Mike Bryant
Managing Partner
Bradshaw & Bryant PLLC
(800) 770-7008

In the absence of heavy congestion and poor weather, operating a tractor-trailer on the open highway is a routine task for experienced truckers. Because there are no sharp turns, these large vehicles are easier to control. And since the lanes are wide, they can breathe easy when other motorists pass. What’s more, the consistent speed limit and predictable route mean braking on a dime probably won’t be necessary.

At some point, though, every big rig has to pull off the highway, and driving becomes a lot more dangerous. Navigating an 18-wheeler on a traditional two-lane road demands considerable skill.

Truckers often have to make fairly wide turns, for example; however, if they take a turn too wide, they could cross over into oncoming traffic or lose control of the vehicle altogether.

If you were hurt in a truck accident because of a miscalculated turn, here’s what you should know about holding the trucker or motor carrier liable for the resulting damages:

1. How Can I Prove Fault in a Turn-Related Truck Accident?

To prove fault in a turn-related truck accident, you and your legal team may need to gather some combination of the following:

• Black box data;
• Driver’s logs;
• Truck maintenance logs;
• Dash cam footage;
• Recordings from surveillance cameras near the scene;
• Eyewitness deposition;
• Accident reconstruction expert deposition;
• The police report; and
• Photographs of the scene and of the flow of nearby traffic.

Depending on the circumstances, you may also have to disprove your own liability. If the trucker asserts that you were traveling too closely, ignoring traffic signals, or breaking another traffic law, you’ll have to compile evidence that corroborates your version of events.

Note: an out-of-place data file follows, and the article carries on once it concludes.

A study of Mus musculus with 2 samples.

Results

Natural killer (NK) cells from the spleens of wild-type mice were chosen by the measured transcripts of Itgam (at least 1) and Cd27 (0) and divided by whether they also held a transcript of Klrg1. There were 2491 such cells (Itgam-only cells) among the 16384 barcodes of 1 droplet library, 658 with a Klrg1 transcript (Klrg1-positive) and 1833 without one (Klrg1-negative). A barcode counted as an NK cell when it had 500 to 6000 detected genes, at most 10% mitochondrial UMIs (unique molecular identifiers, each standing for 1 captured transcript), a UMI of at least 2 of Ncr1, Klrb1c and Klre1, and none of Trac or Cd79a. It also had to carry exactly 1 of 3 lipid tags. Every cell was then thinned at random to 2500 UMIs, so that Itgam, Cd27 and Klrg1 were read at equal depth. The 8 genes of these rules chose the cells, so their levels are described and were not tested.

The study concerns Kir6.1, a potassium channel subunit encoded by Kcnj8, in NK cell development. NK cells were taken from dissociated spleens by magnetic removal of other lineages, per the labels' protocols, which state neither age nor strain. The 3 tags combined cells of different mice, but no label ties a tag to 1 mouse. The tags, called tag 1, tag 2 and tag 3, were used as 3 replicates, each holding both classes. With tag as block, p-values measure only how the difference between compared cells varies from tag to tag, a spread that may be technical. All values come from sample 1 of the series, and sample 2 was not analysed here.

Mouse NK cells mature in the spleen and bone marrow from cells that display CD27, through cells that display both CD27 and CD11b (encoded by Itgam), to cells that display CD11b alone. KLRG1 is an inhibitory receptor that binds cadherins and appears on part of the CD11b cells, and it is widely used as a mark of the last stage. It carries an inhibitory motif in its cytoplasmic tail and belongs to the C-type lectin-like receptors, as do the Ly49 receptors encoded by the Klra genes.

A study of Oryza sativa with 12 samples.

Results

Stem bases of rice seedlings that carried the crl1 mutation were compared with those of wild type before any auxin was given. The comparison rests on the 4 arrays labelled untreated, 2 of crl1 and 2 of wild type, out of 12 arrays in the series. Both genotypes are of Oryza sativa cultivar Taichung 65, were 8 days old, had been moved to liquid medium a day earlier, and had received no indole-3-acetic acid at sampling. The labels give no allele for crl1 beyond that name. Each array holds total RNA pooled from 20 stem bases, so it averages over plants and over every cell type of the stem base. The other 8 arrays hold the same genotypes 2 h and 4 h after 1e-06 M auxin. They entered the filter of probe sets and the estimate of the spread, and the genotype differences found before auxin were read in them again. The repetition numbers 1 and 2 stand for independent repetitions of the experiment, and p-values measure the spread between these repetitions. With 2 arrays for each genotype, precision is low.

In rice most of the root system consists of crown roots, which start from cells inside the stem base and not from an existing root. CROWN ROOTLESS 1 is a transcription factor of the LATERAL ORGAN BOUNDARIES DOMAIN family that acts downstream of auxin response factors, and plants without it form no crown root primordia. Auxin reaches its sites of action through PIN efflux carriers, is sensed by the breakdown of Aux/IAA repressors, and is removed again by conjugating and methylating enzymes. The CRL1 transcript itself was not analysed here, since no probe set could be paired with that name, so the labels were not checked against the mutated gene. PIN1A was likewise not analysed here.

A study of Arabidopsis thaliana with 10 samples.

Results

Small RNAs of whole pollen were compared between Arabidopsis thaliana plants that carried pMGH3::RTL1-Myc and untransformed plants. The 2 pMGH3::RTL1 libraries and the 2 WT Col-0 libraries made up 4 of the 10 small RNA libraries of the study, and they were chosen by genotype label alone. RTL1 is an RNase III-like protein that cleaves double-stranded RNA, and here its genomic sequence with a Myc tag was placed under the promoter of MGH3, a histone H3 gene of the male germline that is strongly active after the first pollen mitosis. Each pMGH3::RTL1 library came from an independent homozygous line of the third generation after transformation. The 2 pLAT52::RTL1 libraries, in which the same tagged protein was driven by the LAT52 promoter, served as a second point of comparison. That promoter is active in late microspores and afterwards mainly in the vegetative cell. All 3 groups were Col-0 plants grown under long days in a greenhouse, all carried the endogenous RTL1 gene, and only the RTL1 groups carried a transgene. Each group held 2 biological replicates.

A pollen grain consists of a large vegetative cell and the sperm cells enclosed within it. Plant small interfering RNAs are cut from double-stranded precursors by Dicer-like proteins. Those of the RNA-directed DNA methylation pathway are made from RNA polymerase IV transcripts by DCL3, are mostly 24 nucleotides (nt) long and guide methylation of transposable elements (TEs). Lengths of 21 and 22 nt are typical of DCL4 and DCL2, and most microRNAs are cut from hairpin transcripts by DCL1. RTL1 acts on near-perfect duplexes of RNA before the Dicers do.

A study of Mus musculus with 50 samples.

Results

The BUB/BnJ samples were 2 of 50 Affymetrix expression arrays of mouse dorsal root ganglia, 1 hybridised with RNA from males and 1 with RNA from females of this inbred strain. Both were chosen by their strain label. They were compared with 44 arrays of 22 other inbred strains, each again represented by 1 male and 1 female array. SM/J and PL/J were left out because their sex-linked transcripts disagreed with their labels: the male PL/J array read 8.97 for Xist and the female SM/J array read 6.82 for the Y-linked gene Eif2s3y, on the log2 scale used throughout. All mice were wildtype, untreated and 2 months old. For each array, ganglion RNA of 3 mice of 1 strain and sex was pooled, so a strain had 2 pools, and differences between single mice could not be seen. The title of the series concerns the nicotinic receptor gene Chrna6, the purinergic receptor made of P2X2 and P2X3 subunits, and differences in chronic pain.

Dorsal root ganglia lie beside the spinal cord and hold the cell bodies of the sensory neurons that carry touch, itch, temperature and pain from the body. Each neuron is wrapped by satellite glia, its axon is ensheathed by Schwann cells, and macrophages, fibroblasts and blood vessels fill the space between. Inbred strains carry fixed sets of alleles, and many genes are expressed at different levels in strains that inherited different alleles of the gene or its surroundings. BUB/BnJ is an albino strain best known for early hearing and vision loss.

2. What Kinds of Damages Might Be Available Following a Turn-Related Truck Accident?

The damages resulting from a T-bone or sideswipe collision can add up fast. Thankfully, you may be able to recover compensation for all such losses. As long as you have sufficient evidence of liability, causation, and damages, and your case meets the serious injury threshold, you can seek funds for your:

• Medical bills;
• Lost wages;
• Loss of future earnings and benefits;
• Property damage;
• Alternative transportation;
• Home care;
• Child care;
• Domestic help;
• Home and vehicle modifications necessary to accommodate any disabilities;
• Pain and suffering;
• Loss of enjoyment in life; and
• Mental anguish.

You can track the economic damages listed above by saving all relevant records, receipts, and invoices. As for estimating future damages such as loss of earning capacity, your legal team may consult with industry experts and economists.

To track your non-economic damages, start a personal injury journal. In this journal, write detailed entries about the ways in which the injuries are affecting your everyday life.

3. How Long Do I Have to Bring My Truck Accident Case to Court?

In the state of Minnesota, people who are injured in truck accident usually have six years from the day they were hurt to file the lawsuit. If the collision ended up killing someone you love, though, your family has just three years to proceed with a wrongful death suit. And if you want to name a government entity in your claim, you must submit a notice of claim within just 180 days.

Discuss Your Case with a Truck Accident Attorney in St. Cloud

If you were struck by a negligent trucker, contact Bradshaw & Bryant. We are committed to protecting the physical and emotional wellbeing of our clients and restoring their financial security. Call 320-259-5414 or fill out our Contact Form to schedule a free case review with a truck accident lawyer in St. Cloud.